What Are Some Common Traits Between Birds and Humans?
Image Citation: Tan, Vinson (photographer). (2019). Wild Wildlife Bird [photography]. Retrieved from https://pixabay.com/photos/wild-wildlife-bird-juvenile-baby-4050412/
Do you have anything in common with the pigeon pecking for birdseed at the local park? The answer is actually yes!
Some of the similarities between birds and humans are due to them sharing a common ancestor millions and millions of years ago. That ancestor was a primitive, reptile-like creature that didn’t resemble a human or a bird, but still had traits in common with both.
These common-ancestor traits include being a vertebrate (or an animal with a backbone) and being an amniote. Amniotes (which include reptiles, birds, and mammals) are animals that are capable of reproducing without a water source due to evolving internal fertilization (when sperm fertilizes the egg inside the female instead of outside in the environment) and an egg with a thick, relatively hard shell that doesn’t need to stay moist to avoid drying up.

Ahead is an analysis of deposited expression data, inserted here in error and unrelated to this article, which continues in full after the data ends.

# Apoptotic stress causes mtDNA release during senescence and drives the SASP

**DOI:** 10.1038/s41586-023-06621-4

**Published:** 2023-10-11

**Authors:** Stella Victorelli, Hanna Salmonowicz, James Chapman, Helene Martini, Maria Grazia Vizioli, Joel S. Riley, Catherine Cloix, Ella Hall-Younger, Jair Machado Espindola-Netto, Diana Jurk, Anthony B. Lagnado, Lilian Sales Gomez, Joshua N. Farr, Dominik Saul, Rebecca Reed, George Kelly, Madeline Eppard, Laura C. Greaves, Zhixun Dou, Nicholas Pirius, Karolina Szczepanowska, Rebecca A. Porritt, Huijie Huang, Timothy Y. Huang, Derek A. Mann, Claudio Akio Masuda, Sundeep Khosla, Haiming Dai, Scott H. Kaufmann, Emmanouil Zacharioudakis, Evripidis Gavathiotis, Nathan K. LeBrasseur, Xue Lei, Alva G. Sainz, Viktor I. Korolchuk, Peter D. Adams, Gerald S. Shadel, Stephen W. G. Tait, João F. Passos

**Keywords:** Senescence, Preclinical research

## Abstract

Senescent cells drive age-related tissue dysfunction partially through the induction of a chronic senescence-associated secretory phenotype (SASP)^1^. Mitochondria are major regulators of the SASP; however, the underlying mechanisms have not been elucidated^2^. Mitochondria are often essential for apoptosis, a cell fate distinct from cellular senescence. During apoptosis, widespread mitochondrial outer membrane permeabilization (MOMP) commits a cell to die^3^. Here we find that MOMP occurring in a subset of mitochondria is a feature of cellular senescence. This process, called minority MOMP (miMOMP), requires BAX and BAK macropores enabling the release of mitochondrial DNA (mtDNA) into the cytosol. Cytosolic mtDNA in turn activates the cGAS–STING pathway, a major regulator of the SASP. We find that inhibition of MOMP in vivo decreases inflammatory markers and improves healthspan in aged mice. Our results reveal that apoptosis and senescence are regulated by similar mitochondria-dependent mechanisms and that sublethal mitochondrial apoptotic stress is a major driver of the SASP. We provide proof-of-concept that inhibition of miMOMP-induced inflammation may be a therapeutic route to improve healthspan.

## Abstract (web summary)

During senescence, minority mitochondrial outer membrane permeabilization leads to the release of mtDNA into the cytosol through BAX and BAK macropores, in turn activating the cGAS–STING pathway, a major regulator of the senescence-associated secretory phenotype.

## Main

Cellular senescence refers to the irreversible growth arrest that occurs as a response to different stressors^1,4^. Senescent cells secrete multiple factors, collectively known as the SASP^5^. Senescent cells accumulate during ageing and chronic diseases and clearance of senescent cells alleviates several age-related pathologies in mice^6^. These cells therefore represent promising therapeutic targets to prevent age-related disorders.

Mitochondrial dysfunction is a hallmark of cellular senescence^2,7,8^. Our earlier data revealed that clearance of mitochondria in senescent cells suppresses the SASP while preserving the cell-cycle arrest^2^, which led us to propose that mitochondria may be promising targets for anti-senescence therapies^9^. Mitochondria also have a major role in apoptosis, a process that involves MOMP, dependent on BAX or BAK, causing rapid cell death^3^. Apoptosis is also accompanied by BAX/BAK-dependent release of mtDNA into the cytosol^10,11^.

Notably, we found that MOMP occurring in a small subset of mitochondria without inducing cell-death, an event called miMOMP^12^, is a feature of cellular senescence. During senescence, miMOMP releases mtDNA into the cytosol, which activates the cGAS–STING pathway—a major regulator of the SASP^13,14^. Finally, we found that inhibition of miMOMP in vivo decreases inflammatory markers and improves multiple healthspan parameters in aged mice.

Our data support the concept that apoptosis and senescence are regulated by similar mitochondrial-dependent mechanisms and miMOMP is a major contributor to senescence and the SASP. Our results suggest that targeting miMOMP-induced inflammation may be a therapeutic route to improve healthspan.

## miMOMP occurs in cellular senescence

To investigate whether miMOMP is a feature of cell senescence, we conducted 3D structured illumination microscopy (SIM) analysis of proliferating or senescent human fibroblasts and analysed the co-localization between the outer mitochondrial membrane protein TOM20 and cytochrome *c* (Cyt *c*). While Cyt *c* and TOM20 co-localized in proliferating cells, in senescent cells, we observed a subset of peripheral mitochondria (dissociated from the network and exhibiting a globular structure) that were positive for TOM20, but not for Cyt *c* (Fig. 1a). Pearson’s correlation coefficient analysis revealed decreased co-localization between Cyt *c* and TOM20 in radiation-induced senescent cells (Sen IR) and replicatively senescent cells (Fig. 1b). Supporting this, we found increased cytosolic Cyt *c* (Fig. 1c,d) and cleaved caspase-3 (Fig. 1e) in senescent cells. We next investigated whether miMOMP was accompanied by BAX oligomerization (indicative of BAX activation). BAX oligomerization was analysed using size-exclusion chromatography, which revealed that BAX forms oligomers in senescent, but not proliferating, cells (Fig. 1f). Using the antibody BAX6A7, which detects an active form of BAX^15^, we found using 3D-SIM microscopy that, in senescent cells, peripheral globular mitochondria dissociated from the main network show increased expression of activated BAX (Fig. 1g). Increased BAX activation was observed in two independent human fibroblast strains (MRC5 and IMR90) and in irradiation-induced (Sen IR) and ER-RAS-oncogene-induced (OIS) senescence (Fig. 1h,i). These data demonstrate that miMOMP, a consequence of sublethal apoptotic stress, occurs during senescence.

Birds and humans are also both tetrapods, or animals with a four-footed body plan. However, you may have also noticed that both birds and humans are bipedal, meaning they walk on two legs rather than four. Both these groups are still considered tetrapods because they diverged from four-footed ancestors.
In fact, underneath all those feathers, bird wings are made of the same basic anatomical building blocks as a dog’s front legs. The same can be said of a human’s arms; they are simply a redesigned version of the front, walking legs of other tetrapods.
Birds and humans also share some traits that are not due to a common ancestor, but instead something called “convergent evolution”. Convergent evolution occurs when species that are not closely related evolve the same or similar traits due to similar evolutionary pressures.
An example of convergent traits shared by birds and humans is that they are both “warm-blooded” (or endothermic), even though their most recent common ancestor was “cold-blooded” (or ectothermic). Birds and humans also both have an efficient, four-chambered heart rather than a two or three chambered one. Both these traits evolved to allow birds and mammals to live in cold environments and to be more active and athletic.
There are also some behavioral traits shared between birds and humans. Both are quite intelligent compared to reptiles, amphibians, or fish. Birds and humans form complex social groups, often involving complex vocal communication. Both groups usually care for their offspring for an extended period of time as well, as opposed to most ectothermic animals, which don’t offer a high level of parental care.